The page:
Joe Rannazzisi, a former DEA official who has charged the pharmaceutical industry with culpability in the opiate epidemic was the keynote speaker for Harford County’s 14th annual Drug Prevention, Intervention and Treatment Symposium held June 21 at Bel Air High School. More than 300 attendees heard Rannazzisi discuss his findings and goals to enforce the Controlled Substances Act.
The Harford County Office of Drug Control Policy holds the yearly symposium to educate professionals and the public on issues surrounding drug and alcohol abuse. In addition to a keynote speaker, the free conference offers continuing education credits for professionals in the fields of addiction, prevention, professional counseling and social work. Attendees benefit from learning about the latest developments, approaches and techniques. The symposium is held in partnership with the Harford County Health Department, Harford County Public Schools, and the Harford County Sheriff’s Office.
A vast array of topics were presented at this year’s morning and afternoon workshops with titles including: Substance Abuse Prevention and Suicide Prevention; Vicarious Trauma and Workplace Resilience; Overdose Education and Naloxone Distribution; Relapse Prevention; and Spirituality and Recovery from a Neuroscience Perspective. Throughout the day, participants were also able to visit and network with 20 different exhibitors.
New to the symposium this year, was the I’M POWER’D Youth Summit, a series of workshops developed for teens. Topics included bullying, mental health, managing stress, fostering a healthy self-image, and social media safety. Twenty-seven young adults from throughout the County participated in the youth programming.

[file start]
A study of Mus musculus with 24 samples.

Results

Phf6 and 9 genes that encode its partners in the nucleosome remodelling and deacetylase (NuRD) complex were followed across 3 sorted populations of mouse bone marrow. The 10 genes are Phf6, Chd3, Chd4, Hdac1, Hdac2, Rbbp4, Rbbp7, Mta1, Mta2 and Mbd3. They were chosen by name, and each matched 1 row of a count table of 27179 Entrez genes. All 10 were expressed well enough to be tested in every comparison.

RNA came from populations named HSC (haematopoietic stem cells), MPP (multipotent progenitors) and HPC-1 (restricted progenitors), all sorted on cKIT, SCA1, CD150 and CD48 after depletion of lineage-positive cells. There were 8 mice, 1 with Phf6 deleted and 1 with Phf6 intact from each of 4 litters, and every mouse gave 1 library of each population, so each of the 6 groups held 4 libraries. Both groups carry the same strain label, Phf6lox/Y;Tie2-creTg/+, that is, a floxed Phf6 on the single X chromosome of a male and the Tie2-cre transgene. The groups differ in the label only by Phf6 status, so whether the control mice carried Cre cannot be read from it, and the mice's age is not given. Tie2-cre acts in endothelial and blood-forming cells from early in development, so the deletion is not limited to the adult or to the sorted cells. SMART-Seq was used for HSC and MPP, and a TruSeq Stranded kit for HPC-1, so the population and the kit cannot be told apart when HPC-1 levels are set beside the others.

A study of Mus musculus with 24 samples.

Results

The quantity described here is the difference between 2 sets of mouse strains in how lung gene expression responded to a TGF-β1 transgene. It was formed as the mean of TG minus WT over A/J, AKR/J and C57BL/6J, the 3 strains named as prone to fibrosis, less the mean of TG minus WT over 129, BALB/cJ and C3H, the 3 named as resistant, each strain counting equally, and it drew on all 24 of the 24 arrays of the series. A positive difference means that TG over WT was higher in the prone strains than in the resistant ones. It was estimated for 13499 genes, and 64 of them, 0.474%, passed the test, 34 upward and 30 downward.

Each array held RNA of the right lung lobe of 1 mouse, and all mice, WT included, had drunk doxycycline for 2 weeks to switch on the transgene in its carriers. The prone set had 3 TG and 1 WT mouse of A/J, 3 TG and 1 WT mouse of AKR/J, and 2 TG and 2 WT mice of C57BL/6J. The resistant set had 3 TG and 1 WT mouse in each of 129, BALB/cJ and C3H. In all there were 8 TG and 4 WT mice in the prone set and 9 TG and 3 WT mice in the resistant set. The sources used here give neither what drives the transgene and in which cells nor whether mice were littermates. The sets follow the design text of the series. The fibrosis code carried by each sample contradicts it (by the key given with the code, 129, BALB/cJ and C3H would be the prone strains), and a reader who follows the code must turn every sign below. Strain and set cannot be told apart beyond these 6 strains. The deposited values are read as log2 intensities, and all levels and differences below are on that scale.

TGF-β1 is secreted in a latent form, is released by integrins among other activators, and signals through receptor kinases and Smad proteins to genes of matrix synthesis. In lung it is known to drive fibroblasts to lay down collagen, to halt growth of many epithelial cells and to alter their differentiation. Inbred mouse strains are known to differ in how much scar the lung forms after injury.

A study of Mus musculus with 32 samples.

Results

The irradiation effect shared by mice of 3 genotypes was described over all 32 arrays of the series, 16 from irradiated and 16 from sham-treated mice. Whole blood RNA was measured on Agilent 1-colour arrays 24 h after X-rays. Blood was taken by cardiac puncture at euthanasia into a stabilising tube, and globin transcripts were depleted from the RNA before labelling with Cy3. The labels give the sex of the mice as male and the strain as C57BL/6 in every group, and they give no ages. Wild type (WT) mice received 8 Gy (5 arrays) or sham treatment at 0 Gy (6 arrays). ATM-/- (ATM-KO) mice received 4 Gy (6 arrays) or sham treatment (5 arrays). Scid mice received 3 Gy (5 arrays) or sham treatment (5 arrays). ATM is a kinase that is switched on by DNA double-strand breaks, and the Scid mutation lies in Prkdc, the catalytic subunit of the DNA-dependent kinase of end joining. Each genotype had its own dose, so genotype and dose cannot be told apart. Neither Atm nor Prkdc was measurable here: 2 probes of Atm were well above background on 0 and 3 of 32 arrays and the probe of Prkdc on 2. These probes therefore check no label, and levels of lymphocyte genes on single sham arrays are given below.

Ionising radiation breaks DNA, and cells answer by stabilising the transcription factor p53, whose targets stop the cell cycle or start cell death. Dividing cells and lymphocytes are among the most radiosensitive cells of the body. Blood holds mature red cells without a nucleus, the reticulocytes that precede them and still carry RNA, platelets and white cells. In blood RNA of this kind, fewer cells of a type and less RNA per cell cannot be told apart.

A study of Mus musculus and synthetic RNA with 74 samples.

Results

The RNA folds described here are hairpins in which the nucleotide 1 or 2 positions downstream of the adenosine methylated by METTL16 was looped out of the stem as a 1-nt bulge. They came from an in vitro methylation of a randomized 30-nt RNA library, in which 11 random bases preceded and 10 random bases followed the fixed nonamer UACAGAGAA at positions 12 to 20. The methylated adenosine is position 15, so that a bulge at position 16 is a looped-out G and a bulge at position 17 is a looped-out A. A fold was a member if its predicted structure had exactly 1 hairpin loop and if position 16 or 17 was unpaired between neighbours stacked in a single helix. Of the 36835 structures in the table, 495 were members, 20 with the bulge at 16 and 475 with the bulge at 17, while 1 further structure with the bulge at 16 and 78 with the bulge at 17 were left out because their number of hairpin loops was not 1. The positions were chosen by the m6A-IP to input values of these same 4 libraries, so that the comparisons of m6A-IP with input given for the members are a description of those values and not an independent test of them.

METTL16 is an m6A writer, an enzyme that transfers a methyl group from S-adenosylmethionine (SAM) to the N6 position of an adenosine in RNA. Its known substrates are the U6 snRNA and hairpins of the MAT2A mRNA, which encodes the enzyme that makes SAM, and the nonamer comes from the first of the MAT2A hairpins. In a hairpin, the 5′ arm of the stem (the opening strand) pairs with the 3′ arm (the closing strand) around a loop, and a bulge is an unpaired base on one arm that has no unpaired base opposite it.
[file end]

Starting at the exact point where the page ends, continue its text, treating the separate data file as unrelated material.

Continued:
“I look forward to sharing what I learned today with my friends,” Jen, 17, said. “Teens don’t consciously understand the negative causes and implications of social media. It was eye-opening and scary to see how much information is shared on the internet and to learn about how that could hurt someone’s future.”
The final plenary address featured Dion Flynn, a former Harford County Public School student, known for his appearances as Barack Obama on “The Tonight Show Starring Jimmy Fallon.” Flynn is in long-term recovery and was cited by Oprah Magazine as “one of our favorite creative thinkers”; he presented his improv recovery workshop at the symposium.
“Our symposium is an important component of Harford County’s awareness strategy,” said Harford County Executive Barry Glassman. “We truly appreciate the tremendous support from our partners, special guests, and everyone who attended.”
For more information about drug abuse prevention and awareness programming in Harford County, contact the Office of Drug Control Policy at 410-638-3333, or www.harfordcountymd.gov/ODCP.